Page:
CHEP UK & Ireland, the supply chain solutions company, has opened a new state-of-the-art pallet repair and service centre facility in South Ockendon, near Thurrock, in Essex, United Kingdom. The new facility stands on the existing CHEP site and delivers increased availability for the growing pallet demand from customers in the South-East region.
CHEP has invested more than £2 million in equipping the facility with some of the most advanced automatic fault-detection and repair equipment available. In response to the rapidly evolving needs of its extensive customer base, the new automation equipment will deliver significant efficiency and productivity improvements. This investment in automation will enable a higher level of consistency in pallet quality with the added benefit of improved levels of platform consistency and appearance for all customers.
CHEP UK & Ireland, Vice-President and Country General Manager, Helen Lane, said: “The key areas where the automation will deliver these productivity and efficiency improvements are inspection, repair and paint stencilling. Customers will benefit from improved levels of platform consistency delivered by this increased automation and reduced manual intervention required in the conventional inspect and repair process. Additionally, the South Ockendon site is in the ideal location to effectively manage the large number of satellite pallet processing operations installed for customers on their sites in the South of England.”
The newly-installed automated equipment includes:
> The latest laser system that checks individual pallets for damage, and works in conjunction with an automatic cutter to identify and remove any broken elements.
> A robotic arm lifts the pallet and based on information provided by the Automatic Digital Inspection system (ADI), cuts and removes the element to be replaced then returns the pallet to the repair bench where the operator completes the operation.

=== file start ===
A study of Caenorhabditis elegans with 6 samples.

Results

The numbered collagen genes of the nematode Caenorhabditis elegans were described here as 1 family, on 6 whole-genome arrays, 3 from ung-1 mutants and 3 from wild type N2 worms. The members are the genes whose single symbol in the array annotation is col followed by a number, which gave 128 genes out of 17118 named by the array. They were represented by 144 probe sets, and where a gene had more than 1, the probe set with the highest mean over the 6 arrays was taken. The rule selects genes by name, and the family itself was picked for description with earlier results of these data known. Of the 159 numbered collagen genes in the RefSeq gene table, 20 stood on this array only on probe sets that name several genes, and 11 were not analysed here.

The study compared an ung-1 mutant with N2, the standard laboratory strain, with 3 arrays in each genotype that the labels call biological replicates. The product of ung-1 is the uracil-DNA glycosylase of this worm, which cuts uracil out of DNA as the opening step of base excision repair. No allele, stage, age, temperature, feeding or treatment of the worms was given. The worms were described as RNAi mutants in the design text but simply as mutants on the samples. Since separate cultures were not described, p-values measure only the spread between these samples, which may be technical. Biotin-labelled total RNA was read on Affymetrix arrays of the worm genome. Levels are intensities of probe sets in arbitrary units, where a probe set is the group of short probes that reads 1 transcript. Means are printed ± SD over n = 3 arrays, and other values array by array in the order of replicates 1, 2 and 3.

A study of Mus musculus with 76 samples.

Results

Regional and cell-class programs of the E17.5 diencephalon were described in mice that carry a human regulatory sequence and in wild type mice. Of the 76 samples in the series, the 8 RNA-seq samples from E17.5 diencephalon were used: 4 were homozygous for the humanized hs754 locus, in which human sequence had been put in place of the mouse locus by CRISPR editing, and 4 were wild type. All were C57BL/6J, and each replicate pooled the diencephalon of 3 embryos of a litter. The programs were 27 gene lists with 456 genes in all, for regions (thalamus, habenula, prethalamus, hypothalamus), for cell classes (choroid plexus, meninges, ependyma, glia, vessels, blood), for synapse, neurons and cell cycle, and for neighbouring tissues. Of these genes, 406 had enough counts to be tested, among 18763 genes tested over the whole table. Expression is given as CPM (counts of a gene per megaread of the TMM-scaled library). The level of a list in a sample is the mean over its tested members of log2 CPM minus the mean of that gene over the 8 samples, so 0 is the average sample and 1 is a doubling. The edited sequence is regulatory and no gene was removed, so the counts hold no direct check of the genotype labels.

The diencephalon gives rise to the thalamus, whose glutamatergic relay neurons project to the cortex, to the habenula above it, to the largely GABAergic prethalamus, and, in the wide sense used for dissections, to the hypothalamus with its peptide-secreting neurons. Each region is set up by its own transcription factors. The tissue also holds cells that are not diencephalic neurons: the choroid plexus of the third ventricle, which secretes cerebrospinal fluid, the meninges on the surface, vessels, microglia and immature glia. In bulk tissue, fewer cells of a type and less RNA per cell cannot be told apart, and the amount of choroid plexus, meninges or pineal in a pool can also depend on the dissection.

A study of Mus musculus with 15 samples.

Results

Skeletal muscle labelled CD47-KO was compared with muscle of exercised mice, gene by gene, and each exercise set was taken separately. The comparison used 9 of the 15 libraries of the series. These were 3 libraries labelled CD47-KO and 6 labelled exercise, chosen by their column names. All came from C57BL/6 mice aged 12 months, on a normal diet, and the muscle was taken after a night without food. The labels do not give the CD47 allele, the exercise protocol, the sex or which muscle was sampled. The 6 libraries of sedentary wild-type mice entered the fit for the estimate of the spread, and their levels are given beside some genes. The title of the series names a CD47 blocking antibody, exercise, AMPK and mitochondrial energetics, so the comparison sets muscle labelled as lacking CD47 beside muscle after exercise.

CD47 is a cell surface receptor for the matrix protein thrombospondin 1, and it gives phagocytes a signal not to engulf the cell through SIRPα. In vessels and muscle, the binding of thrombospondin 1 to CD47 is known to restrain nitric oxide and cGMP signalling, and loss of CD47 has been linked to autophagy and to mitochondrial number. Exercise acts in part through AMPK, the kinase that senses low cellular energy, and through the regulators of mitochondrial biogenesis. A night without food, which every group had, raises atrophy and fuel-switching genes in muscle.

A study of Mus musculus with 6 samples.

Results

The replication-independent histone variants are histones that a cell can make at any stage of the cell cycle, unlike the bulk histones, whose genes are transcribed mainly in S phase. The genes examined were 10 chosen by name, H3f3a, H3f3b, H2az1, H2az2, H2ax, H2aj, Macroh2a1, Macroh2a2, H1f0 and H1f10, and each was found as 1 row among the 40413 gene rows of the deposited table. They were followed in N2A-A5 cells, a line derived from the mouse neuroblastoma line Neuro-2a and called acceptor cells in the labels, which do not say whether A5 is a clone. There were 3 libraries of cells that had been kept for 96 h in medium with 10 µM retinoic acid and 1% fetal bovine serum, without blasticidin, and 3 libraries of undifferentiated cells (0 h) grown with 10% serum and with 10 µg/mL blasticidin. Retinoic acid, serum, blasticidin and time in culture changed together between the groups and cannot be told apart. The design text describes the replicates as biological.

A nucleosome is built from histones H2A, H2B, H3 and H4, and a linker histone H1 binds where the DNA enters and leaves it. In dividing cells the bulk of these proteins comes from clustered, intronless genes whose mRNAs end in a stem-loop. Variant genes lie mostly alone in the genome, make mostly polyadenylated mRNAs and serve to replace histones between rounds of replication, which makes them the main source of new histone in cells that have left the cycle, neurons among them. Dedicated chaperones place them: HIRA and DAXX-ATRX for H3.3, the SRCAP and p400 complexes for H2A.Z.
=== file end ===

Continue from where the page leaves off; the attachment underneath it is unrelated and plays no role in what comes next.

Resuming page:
> The latest roller nailer technology guarantees no nails protrude more than 3mm above the top board of any pallets.
> Moisture content of pallets can also be monitored thanks to technology which probes the top deck of pallets. If the moisture content exceeds a certain level, the pallet will be removed from production.
As a result of this automation, it is expected that the new facility will be 50% more productive than previously, with the ability to process approximately 6.2 million pallets per year, compared with 4.1 million pallets at the original facility. Both B1210A standard and B1208A Euro pallets will be handled, with the flexibility to switch products in response to changes in customer demand. Staffing at the new facility will remain the same as previously with approximately 85 full-time CHEP employees.
Tony Bavidge, Returnable Asset Manager, Arla Foods, said: “We know CHEP has the size and scale to cope with our fluctuations in demand. As our business continues to grow it’s great to see that CHEP is also planning for the future by ensuring greater volume demand is never an issue for their customers. That’s what you call forward thinking.”
The decision to invest in South Ockendon, and upgrade the existing site has been based on the company’s most recent Plant Network Optimisation (PNO) study which analyses all existing customer flows, returns and issues, cross referenced against the existing service centre network to determine the most efficient locations. This latest study revealed that the existing site at South Ockendon required modernisation in order to deliver greater volume for local customers, improve pallet relocations to the near continent, offer more direct deliveries, as well as improve product quality, consistency and customer service.
As part of CHEP’s ongoing commitment to reduce its impact on the environment, the new Service Centre also incorporates advanced sustainable solutions such as rain water harvesting for the pallet washing area, the installation of LED lighting and improvements in waste segregation. The uplift in volume and productivity at the new plant will generate further network efficiencies, with a potential to eliminate over 800,000 truck kms/year and the associated CO2 emissions in the coming years.